ICT Training for Teachers
Secondary Science - The Use of Generic ICT Resources in Science
Using generic ICT resources for research
The two main generic ICT sources of information for research are general purpose CD-ROMs and Internet sites. Both provide information in text and pictures, and can provide animations, sound and video clips. These are useful aids both for the teacher in preparing lesson material and for the pupil in providing learning, consolidation, revision and extension material. You should by now be aware of a number of useful CD-ROMs and Internet sites (see, for example, QCA Schemes of work: Secondary Science, Science Unit 7L (Year 7): The solar system and beyond). If you have not covered the work in the previous section, you should do so now.
CD-ROMs, such as encyclopaedias, provide a multimedia reference source which is easily available and can be searched quickly and efficiently. Their draw back is that they contain limited amounts of information and cannot be updated without purchasing a new edition.
When people talk about using the Internet for research, they tend to think about the World Wide Web, but useful information can also be found in newsgroups, discussion groups and mailing lists.
Communication and publication have been grouped together since all electronic forms of publication can be distributed via networks, intranets and the Internet, and can also provide printed copies if required. Publishing has therefore become another means of communication, but one which has a longer term presence, as an electronic file, web page or printed document, rather than the immediate spoken word. There are five main types of electronic communication and publishing: word processing, presentation graphics, World Wide Web, e-mail and net meetings. Some are asynchronous, meaning parties can access information in their own time; some are synchronous, meaning all parties have to be in contact at the same time; and some are both. We will use the term "publishing" for one-way communication, where there is no interaction, and the term "communication" for two-way communication, where there is interaction between the parties concerned.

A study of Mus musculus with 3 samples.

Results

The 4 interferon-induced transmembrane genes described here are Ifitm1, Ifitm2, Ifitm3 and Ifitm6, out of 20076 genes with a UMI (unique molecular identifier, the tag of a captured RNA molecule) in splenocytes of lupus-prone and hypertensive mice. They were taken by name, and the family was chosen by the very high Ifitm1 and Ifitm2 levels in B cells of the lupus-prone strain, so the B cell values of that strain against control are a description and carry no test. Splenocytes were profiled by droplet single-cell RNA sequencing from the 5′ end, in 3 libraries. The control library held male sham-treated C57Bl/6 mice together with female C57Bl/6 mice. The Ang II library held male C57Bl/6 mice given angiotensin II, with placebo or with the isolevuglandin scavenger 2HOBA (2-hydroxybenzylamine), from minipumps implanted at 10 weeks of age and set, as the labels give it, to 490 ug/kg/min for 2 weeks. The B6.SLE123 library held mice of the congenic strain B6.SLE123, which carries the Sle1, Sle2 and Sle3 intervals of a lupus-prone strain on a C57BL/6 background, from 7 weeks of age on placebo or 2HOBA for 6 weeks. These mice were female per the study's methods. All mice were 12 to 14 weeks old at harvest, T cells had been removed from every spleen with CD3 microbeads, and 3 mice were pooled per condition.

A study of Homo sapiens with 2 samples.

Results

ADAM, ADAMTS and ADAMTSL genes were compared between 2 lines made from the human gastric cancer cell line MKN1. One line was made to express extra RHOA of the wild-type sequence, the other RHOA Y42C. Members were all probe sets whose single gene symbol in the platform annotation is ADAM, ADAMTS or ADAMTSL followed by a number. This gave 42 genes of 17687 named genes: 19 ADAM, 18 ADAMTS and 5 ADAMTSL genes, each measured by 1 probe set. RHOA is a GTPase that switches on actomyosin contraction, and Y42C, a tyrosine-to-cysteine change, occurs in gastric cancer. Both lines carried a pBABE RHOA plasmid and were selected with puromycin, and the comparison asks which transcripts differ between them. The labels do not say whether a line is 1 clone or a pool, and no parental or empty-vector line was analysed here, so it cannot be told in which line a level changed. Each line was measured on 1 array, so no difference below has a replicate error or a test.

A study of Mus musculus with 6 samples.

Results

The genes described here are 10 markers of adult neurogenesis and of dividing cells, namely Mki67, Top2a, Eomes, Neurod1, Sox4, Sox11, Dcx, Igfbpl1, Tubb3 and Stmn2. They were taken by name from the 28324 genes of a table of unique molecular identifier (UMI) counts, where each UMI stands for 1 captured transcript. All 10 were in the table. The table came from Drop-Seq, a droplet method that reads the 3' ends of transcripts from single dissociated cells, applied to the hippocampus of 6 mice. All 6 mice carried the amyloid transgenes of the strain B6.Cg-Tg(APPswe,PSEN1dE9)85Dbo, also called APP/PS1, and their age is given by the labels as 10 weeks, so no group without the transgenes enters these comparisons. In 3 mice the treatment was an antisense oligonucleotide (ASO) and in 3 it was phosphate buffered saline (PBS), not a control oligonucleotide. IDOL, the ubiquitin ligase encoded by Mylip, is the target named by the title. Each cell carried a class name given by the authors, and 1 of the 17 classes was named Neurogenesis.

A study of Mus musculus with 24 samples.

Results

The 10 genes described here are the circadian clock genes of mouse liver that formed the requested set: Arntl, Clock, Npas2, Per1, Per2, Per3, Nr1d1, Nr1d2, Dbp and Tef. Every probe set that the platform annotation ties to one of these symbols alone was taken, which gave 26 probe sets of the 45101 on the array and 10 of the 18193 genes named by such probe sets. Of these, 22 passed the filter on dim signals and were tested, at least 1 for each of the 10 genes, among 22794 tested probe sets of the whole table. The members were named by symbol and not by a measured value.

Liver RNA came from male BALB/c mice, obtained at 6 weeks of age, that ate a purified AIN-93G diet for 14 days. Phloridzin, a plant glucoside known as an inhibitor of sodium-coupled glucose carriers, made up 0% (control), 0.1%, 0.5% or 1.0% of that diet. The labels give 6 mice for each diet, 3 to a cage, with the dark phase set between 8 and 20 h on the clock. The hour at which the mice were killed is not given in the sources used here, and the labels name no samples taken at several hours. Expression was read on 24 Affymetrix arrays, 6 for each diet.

These can be used to produce written material, data tables and charts which can be printed, saved as a file, made available to others on the same network, distributed as an attached file to an e-mail message or made available for downloading from a web page. This is a form of asynchronous publishing. The Resources pages of the Talent web site are an example of this. In addition Fairfax School, Sutton Coldfield have a fine example of a writing frame for KS3, and Cornwallis School, Maidstone use Word forms in worksheets.
This is used to produce "slides" which can be printed onto OHP transparencies or used directly using an LCD projector. They are a valuable teaching aid which can include bullet points, illustrations, animations and links to other material. Some presentations can also be saved as web pages. This is a form of synchronous publishing, but can be asynchronous over the Internet. It can also lead to synchronous communication in the form of discussion after, or during, the main presentation. Good examples are PowerPoint , Hyperstudio and Illuminatus. See North Chadderton School , Oldham, for examples of pupils' powerpoint presentations.
Web pages are available to anyone with Internet access. These provide an easy method of asynchronous publishing where a large audience is desired. They can lead to asynchronous communication if feedback is requested using e-mail links. Control over the material is lost since anyone can copy information from a web page and use it for their own purposes. Legally copyright exists on the Internet but is impossible to enforce. Intranets use the same system but offer an audience limited to those with access to the particular intranet. This can be useful for publishing in-house materials in schools. You can set up your own departmental intranet by downloading any web pages you want to use in a lesson and then accessing these 'off-line', perhaps adding your own pages to supplement the web pages. These Talent materials work in a similar way, using our pages and links to other web pages!
You can write simple web pages in Word (and other word processors) and then save them in 'html' format: html is the coding used by Internet pages. More advanced users will want to learn how to write web pages using packages such as Claris Home Page, or Microsoft's FrontPage Explorer, but this is beyond the scope of this course!
This is used as an easy, world-wide form of asynchronous communication. Messages are normally short and just contain text. New HTML e-mail packages allow for more complex messages based on web page formatting, but can only be read by people with HTML e-mail facilities. Any electronic file can be attached to an e-mail message to provide a form of asynchronous publishing to a limited audience. A cautionary note should added about attached files and viruses. Normal text e-mail messages will not usually contain a virus, but attached files can, especially Word and Excel files. Do not send attached files to anyone who is not expecting to receive them, and do not open attached files you are not expecting without checking first for viruses! Ask your IT Co-ordinator how to do this if you don't yet know.
- Write an article describing which of the above you have used, how you used them, which you have not used and why you have not used them.
- Add a section describing which of the types of resource listed in this module that you have not used but would like to use in the future and how you would use them.
Participate in the on-line discussion about legal and ethical issues of electronic publishing.